Writing Prompts


Sometimes all you need is a little inspiration. These are writing prompts I have collected over the years from classes and friends. Most of the time the prompts are a couple sentences that help to get the creative vibes flowing your way. Some are just suggestions on how to start your story or an idea for a story. I hope these help!




1. A walk through the woods helps me relax and release some tension, the fact that I am dragging a body behind me should be irrelevant.

2. Write a story that starts with a word you pick out of the dictionary at random.

3. His/Her voice brings back memories of dark rooms and broken bones.

4. They sent me because I do not exist.

5. Write about a world where you can purchase bottled emotions.

6. When I said, "Whatever helps you sleep at night... I didn't mean this!"

7. At birth, everyone has the date they will die tattooed on their arms. You were supposed to die yesterday...

8. Write a scene that happens immediately after a tragedy, but never mention the tragedy.

9. I woke up to the sound of someone knocking on glass. I got up and looked out my window, there was no one outside. I heard the knocking again and turned around slowly. The knocking was coming from inside my mirror.

10. In all the time I have lived alone in this house, I swear I have closed more doors than I have opened.

11. "Hey, there is a picture of you sleeping on your phone," he said, handing me my phone. I looked at the picture, my heart dropping into my stomach. "I live alone," I whispered.

12. Write a story that takes place in 60 minutes.

13. This was the night I finally understood why people fear silence.

14. Thirty years ago, you convinced a killer not to murder you because you would "change the world". Now the killer has come back to check your progress.

15. They had been recruited when they were young and desperate.

16. Everyone is forced to wear a warning label, what does your label say?

17. Write an overly descriptive piece about your current surrounding.

18. Sooner or later, everyone leaves.

19. Listen to a song and write a short story about it.

20. "The stars are that way captain," he said, pointing at the empty sky.

I hope these help to give you all some inspiration and get your creative juices flowing!

In my next post I will have some pretty awesome visual prompts!

Monday, June 8, 2015

Tips from my Queen, J.K. Rowling!





1. Write About What You Love!
“What you write becomes who you are… So make sure you love what you write!” I love this quote from Rowling. It is very true and maybe that is why academic writing kills me slowly unless I happen to care about the subject! Rowling definitely follows this, whenever I read any book she has written, whether it's Harry Potter or one of her stories written under her pen name, I feel her love for the story and its characters.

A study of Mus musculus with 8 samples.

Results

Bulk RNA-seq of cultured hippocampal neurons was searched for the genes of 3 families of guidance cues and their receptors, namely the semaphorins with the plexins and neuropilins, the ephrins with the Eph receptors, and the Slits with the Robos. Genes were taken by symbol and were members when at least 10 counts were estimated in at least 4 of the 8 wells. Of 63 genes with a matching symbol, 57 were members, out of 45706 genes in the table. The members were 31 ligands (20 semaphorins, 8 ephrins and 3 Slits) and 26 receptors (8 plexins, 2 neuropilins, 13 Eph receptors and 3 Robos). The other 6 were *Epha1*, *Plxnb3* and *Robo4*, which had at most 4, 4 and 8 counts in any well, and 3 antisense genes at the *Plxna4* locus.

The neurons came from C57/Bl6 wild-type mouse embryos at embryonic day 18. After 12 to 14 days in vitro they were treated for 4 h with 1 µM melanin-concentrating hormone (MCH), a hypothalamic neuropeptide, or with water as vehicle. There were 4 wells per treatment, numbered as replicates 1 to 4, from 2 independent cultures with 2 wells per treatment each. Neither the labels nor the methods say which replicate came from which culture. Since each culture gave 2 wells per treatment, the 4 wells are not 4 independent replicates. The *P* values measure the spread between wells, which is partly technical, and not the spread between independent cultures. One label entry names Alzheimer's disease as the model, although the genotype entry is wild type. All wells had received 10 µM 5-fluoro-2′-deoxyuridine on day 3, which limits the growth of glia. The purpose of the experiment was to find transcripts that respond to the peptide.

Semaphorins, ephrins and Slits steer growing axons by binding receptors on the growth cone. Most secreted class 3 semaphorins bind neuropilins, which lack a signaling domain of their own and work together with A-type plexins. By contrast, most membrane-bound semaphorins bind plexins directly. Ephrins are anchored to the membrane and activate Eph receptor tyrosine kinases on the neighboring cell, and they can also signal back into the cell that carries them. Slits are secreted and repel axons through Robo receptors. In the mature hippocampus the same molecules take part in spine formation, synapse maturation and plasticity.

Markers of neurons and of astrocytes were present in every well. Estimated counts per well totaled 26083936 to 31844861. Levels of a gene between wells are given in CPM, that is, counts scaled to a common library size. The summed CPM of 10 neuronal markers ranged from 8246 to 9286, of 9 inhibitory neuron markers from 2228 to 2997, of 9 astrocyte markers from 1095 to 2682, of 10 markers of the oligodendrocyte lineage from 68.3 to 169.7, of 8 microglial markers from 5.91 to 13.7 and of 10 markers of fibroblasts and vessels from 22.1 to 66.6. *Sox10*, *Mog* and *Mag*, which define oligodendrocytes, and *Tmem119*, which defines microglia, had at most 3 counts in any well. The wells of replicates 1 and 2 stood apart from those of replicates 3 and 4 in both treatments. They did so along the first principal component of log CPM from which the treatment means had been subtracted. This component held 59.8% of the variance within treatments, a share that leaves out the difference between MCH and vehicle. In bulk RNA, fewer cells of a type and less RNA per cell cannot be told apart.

2. Write Whenever and Wherever and However!
J.K. Rowling had to work and had to take care of her young child while she was writing Harry Potter. She was even pregnant during the crafting of The Order of the Phoenix. She sadly couldn't just write whenever she wanted to. “Sometimes you have to get your writing done in spare moments here and there," she said, and she is one hundred percent right!! I personally keep a notebook with me at all times, you never know when inspiration and timing will work together.

3. You Must Plot and Pace.
My Queen plotted a series of seven books with little to no plot holes. That takes some series thinking and crafting ability. I mean, it would have been impossible to write had she not done the necessary planning. Also, planning ahead will lessen the chance of spoiling the story for your readers.

4. You Must Have a Plan!
J.K. Rowling got the inspiration for Harry Potter on a train, but she didn't just start writing paragraph one, she outlined and created Harry's world. She wrote new words and gave them meaning. She scribbled down every minute detail that would be essential to the story and every detail that wasn't. She also outlined all of the events that would take place throughout the series. She didn't officially begin writing the series for almost five years while she was working on the details.

5. Criticism and Rewrites.
Queen Rowling rewrote the opening chapter of The Sorcerers Stone fifteen times before being happy with it. You should never expect your first draft to be perfect, it won't be and that is fine. Also, don't fear rejections. Harry Potter only became what it is because Rowling wouldn't stand for rejection. "It is impossible to live without failing at something, unless you live so cautiously that you might as well not lived at all--in which case, you fail by default."